I don't think this is a reasonable thing to advocate for, for some of the reasons @WisNeuro mentioned.
I also wonder what % of psychologists are working in settings where COVID-19 is a a high risk factor (e.g., emergency rooms, jails, inpatient units) versus private practice, outpatient CBOCs, etc. How did this movement start? Did someone in APA decide to jump in on psychologists being in healthcare and equate us to ER nurses and MDs in this sense of risk? Didn't they sign up for that?
Just weird in many ways. Lots of questions.
It seemed like an odd thing to advocate for, although I suppose it makes sense relative to the alternative (i.e., other health professions asking for it but psychology being silent). I agree with others that I anticipate no chance of it going through.
In general, I'm becoming increasingly disquieted by all the money the govt is attempting to throw at COVID. But that's just me.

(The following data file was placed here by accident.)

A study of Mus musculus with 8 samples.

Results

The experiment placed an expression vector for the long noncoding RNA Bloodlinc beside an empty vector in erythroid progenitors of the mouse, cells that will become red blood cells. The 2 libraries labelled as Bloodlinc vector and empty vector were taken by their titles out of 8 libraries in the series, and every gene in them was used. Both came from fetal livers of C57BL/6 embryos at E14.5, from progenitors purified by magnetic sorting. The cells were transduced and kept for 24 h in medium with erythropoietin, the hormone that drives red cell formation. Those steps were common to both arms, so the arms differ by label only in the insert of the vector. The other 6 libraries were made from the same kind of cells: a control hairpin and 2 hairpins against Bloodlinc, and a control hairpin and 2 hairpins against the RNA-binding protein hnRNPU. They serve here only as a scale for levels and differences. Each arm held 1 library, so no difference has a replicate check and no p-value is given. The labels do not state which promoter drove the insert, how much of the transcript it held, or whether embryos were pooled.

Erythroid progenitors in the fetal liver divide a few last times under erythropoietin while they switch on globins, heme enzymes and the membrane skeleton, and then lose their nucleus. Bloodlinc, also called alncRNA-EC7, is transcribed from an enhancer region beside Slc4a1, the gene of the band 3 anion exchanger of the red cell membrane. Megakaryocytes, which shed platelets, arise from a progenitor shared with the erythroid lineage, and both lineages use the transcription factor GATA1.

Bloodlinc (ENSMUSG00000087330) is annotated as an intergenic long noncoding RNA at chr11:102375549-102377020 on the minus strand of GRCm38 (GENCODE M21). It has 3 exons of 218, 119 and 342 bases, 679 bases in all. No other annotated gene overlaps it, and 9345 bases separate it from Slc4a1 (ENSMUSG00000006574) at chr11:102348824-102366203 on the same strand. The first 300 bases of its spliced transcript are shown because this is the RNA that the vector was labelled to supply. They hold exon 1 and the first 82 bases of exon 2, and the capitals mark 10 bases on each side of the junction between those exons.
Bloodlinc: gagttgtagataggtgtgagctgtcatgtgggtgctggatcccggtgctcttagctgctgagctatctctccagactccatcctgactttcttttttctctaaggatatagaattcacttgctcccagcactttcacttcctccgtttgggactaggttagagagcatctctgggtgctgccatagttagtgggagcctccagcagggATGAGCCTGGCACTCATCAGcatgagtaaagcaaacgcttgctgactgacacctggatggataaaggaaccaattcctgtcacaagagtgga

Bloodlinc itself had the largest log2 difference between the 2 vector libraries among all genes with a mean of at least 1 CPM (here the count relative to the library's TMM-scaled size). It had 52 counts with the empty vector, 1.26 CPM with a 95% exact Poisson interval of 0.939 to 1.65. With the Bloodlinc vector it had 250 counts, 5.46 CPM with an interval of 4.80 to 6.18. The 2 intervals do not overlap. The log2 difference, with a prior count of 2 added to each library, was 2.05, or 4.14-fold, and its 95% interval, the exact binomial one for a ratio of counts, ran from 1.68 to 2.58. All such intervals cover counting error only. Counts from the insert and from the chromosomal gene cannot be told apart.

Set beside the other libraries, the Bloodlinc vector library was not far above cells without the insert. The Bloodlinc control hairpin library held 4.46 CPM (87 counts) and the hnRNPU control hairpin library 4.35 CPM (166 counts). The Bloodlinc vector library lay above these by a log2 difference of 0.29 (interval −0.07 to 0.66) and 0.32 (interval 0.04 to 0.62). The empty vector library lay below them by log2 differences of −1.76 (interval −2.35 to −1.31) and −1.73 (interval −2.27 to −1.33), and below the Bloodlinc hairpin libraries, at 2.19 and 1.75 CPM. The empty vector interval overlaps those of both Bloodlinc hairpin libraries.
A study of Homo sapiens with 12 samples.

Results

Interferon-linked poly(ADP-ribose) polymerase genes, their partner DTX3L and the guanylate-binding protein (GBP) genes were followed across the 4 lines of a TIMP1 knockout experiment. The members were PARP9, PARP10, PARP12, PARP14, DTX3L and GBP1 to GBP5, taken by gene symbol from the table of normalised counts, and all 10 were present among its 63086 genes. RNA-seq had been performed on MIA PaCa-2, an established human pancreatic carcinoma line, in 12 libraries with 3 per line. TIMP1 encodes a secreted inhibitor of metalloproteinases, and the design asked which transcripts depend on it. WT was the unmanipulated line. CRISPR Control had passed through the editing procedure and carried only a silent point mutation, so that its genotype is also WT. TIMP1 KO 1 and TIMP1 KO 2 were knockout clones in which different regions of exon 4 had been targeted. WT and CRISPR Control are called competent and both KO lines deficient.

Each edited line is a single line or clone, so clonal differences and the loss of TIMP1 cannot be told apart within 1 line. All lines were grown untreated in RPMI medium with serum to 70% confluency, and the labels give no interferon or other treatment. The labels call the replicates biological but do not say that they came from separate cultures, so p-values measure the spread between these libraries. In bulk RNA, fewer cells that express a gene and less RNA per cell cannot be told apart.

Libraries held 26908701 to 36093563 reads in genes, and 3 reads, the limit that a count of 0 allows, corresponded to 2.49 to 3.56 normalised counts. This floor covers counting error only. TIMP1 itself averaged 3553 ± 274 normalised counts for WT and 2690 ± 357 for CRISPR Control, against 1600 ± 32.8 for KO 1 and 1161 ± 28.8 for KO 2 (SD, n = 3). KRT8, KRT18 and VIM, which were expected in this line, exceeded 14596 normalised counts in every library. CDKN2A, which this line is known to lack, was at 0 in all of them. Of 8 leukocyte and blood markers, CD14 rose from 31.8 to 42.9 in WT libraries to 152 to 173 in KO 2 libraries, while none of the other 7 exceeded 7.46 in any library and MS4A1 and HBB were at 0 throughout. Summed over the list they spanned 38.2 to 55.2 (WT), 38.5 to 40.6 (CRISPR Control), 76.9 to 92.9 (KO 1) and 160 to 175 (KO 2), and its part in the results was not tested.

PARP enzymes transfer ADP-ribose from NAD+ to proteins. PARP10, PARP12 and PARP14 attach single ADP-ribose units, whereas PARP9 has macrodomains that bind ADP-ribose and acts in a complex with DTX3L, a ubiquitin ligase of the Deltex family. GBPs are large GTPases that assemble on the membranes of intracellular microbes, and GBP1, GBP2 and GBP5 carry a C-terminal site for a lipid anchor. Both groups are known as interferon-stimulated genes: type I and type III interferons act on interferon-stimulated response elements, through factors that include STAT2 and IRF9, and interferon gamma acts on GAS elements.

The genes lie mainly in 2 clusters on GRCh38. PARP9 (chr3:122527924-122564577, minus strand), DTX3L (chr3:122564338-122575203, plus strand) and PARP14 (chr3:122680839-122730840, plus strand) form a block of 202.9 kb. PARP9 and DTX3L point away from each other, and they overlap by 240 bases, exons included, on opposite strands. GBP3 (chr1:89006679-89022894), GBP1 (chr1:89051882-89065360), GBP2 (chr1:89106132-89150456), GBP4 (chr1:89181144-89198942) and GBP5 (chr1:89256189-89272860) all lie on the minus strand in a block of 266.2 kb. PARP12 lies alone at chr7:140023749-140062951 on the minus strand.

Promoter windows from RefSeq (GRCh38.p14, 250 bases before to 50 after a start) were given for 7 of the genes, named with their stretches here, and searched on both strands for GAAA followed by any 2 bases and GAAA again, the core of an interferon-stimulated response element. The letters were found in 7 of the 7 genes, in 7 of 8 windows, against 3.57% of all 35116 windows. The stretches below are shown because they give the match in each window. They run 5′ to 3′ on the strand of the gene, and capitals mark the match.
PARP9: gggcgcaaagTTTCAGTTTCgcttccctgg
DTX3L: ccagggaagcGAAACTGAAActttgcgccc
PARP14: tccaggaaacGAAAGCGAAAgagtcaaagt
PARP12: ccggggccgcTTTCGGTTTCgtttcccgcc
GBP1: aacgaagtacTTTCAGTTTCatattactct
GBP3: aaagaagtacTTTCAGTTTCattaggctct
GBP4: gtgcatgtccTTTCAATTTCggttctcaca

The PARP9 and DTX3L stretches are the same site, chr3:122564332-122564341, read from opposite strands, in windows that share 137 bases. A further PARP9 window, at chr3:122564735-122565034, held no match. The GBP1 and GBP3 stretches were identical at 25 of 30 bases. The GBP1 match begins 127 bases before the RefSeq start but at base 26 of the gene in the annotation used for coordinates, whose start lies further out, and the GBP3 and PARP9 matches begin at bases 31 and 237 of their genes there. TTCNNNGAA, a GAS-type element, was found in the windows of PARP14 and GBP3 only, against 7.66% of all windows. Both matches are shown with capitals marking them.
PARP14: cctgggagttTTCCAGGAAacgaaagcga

I'm not sure that it is the amount of money that bothers me so much as the poor implementation by both sides of the isle. Lots of people that don't need money getting it for no reason, big and small. Basing payments on tax returns from two years ago rather than figuring out how to help those with problems now, etc. More proposals from both sides to throw money at people for no reason. So healthcare providers will get this even if we have been home during COVID-19 and not exposed? No way to ensure you were a front line provider or not. Give more more to big corporations? Give $2000/mth to 93% of Americans, but screw the other 7 percent?
I'm with Sanman, if that money was allocated well, it'd be awesome and would actually help out the collapse and people who are unemployed. But, when it's going to large companies who pay zero or little in taxes anyway, kind of defeats the point.